The purpose of presidential debates is to provide the voter with an opportunity to really get to know the candidates. Up to this point the individual campaign organizations work hard to paint the image of the candidate presented to the public. They control media access, they dictate the schedule, they choose venues, they select audiences, they write speeches, they choose clothes and lighting, they put out press releases and position papers, they run radio and TV ads and they seek to control the narrative. But when the candidate steps onto the debate stage he or she is on their own. The glare of the lights and the eye of the TV camera exposes the candidate without mercy and creates an indelible image. In a presidential debate words uttered become part of history. Being aware of this and being schooled in the impact of past debates, most candidates prepare with seriousness and intensity for their time before the debate cameras. It became clear during Donald Trump’s debate performance that he doesn’t subscribe to the lessons of debates past.
As the debate began with the candidates walking onto the stage there was great anticipation. There had been endless speculation by pundits and strategic leaks from the campaign organizations regarding individual candidate preparation and strategy. The moderator, Lester Holt, under those same lights and cameras, prepared with the same intensity as a candidate to insure a fair and unbiased debate. He was well aware of the challenges presented by Donald Trump’s style. The fact that the audience size was predicted to be about 100 million from around the world placed this debate in the realm of the Super Bowl. As the lights came up and the audience settled down there was no doubt that this was a very high stakes gamble for both candidates. The outcome could shift the direction of the campaign and the ultimate outcome of the election. With this much at stake how is it possible that Trump tanked so badly under the weight of his own arrogance and ego?
During the preceding weeks we all heard about the seriousness and discipline of Clinton’s debate preparation. We were also informed about the casualness of Trump’s debate preparation. Hillary took full advantage of her advisors and listened to their advice and criticism. Donald occasionally humored his advisors and practiced some Q & A over lunch, but most often kept his own counsel. He told the press that he was a very successful debater, after all he beat 16 opponents during the primaries. He, unsurprisingly, didn’t grasp the differences between the two kinds of debates. He didn’t understand that this wasn’t a Republican Party event with a friendly crowd and a format that required much less of him. It is therefore not shocking that Donald, as he had no doubt done many times throughout his life, refused to do his homework and planned to wing it. After all, the smartest guy in the room could surely beat this “girl”. This space doesn’t allow me to discuss the many psychological issues that Donald’s behavior and personality present. Suffice it to say that this is not an emotionally healthy man. All of this aside, what does it say to the American voter, and for that matter the world, that a candidate for the Presidency of the United States of America was not willing to do his homework for his most important job interview? Will he take this cavalier attitude with him to the White House as he deals with issues of war and peace that touch the lives of billions of people around the world?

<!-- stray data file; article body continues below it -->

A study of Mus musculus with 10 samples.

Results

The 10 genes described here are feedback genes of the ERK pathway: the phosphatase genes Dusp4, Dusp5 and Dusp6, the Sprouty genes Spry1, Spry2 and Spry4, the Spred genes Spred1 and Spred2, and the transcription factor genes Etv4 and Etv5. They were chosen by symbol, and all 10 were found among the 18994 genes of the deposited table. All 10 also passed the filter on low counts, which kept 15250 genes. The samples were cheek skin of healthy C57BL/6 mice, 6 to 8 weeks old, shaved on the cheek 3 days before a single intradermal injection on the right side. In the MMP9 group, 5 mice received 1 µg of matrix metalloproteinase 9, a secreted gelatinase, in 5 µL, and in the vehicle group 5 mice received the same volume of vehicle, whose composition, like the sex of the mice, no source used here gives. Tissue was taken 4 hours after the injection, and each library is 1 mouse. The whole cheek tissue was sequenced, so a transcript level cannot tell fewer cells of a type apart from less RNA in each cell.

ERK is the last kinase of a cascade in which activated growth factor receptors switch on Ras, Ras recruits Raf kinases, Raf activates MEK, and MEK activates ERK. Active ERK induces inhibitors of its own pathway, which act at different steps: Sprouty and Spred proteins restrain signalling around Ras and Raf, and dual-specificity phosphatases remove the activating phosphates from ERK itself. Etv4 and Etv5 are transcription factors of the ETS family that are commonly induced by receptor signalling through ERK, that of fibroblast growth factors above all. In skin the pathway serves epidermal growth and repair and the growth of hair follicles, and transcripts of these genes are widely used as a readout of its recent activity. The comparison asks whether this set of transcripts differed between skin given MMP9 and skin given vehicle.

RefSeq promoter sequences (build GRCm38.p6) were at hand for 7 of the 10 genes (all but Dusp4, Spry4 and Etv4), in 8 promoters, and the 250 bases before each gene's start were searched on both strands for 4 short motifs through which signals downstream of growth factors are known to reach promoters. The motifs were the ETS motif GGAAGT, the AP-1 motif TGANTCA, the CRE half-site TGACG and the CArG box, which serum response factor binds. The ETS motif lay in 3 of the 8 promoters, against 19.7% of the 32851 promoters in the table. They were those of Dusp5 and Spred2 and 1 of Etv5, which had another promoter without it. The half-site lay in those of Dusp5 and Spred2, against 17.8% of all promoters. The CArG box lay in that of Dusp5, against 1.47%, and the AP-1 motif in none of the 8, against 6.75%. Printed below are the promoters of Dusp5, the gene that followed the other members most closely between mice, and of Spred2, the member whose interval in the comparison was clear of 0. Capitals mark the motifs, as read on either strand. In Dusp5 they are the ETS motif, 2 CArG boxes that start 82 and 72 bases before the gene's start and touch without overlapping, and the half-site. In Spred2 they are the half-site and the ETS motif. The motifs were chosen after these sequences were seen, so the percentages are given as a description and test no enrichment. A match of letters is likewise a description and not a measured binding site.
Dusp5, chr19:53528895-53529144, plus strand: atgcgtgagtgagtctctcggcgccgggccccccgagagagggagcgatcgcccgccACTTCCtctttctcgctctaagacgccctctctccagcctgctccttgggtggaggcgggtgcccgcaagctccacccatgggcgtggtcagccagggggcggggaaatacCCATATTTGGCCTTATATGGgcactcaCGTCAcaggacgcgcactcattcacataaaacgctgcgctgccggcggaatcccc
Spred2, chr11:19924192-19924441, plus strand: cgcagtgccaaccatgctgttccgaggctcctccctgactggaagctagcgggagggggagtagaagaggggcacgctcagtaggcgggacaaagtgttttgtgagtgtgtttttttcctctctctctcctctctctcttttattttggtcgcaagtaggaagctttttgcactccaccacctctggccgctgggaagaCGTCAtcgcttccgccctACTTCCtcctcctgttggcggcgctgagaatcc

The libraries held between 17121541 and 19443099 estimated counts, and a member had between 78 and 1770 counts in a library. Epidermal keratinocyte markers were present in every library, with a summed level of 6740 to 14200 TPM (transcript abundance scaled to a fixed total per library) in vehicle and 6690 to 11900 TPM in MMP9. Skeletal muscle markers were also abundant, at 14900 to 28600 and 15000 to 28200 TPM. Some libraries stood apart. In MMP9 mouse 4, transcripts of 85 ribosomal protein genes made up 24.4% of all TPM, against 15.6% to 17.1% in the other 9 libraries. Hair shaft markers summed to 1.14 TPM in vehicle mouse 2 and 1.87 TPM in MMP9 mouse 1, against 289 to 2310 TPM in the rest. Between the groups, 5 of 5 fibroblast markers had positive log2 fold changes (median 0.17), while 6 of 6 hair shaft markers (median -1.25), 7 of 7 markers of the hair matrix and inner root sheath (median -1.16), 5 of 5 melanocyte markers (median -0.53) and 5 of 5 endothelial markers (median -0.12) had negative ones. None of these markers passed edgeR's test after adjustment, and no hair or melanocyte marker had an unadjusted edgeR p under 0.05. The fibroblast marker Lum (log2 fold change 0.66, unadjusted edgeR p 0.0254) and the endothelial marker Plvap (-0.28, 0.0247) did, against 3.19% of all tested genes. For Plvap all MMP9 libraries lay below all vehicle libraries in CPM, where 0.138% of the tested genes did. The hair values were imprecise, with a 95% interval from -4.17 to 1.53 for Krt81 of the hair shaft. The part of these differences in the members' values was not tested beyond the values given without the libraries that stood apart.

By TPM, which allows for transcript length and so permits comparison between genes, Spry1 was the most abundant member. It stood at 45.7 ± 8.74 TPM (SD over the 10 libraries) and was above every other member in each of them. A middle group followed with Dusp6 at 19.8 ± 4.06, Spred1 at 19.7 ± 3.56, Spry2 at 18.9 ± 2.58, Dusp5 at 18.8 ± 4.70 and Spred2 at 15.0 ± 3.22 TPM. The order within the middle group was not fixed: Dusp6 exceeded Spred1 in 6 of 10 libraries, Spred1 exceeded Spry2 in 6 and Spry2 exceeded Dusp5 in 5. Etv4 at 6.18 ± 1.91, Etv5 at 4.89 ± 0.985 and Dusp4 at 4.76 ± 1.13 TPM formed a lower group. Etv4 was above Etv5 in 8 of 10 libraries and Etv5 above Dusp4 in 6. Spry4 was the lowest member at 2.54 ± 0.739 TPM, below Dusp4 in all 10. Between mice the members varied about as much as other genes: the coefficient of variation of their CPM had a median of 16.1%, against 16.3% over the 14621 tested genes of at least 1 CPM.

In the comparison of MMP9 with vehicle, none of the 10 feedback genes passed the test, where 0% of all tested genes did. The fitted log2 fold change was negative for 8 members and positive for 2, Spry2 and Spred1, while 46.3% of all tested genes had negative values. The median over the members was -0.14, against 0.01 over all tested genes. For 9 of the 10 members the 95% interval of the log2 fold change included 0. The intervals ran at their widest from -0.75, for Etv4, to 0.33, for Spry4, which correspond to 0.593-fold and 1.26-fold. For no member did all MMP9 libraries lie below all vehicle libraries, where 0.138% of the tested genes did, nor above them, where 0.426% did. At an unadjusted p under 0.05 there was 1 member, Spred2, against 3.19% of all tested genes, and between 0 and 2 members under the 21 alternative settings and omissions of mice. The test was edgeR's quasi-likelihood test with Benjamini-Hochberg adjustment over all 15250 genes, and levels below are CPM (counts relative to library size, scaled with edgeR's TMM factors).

Donald Trump shared a part of himself that we have seen many times before. He was arrogant, misinformed, boorish, misogynistic and rude. We all mistakenly believed that he would come to this game with a different self. But the fact is, there is no different self. What you see is what you get. Thanks for sharing Donald.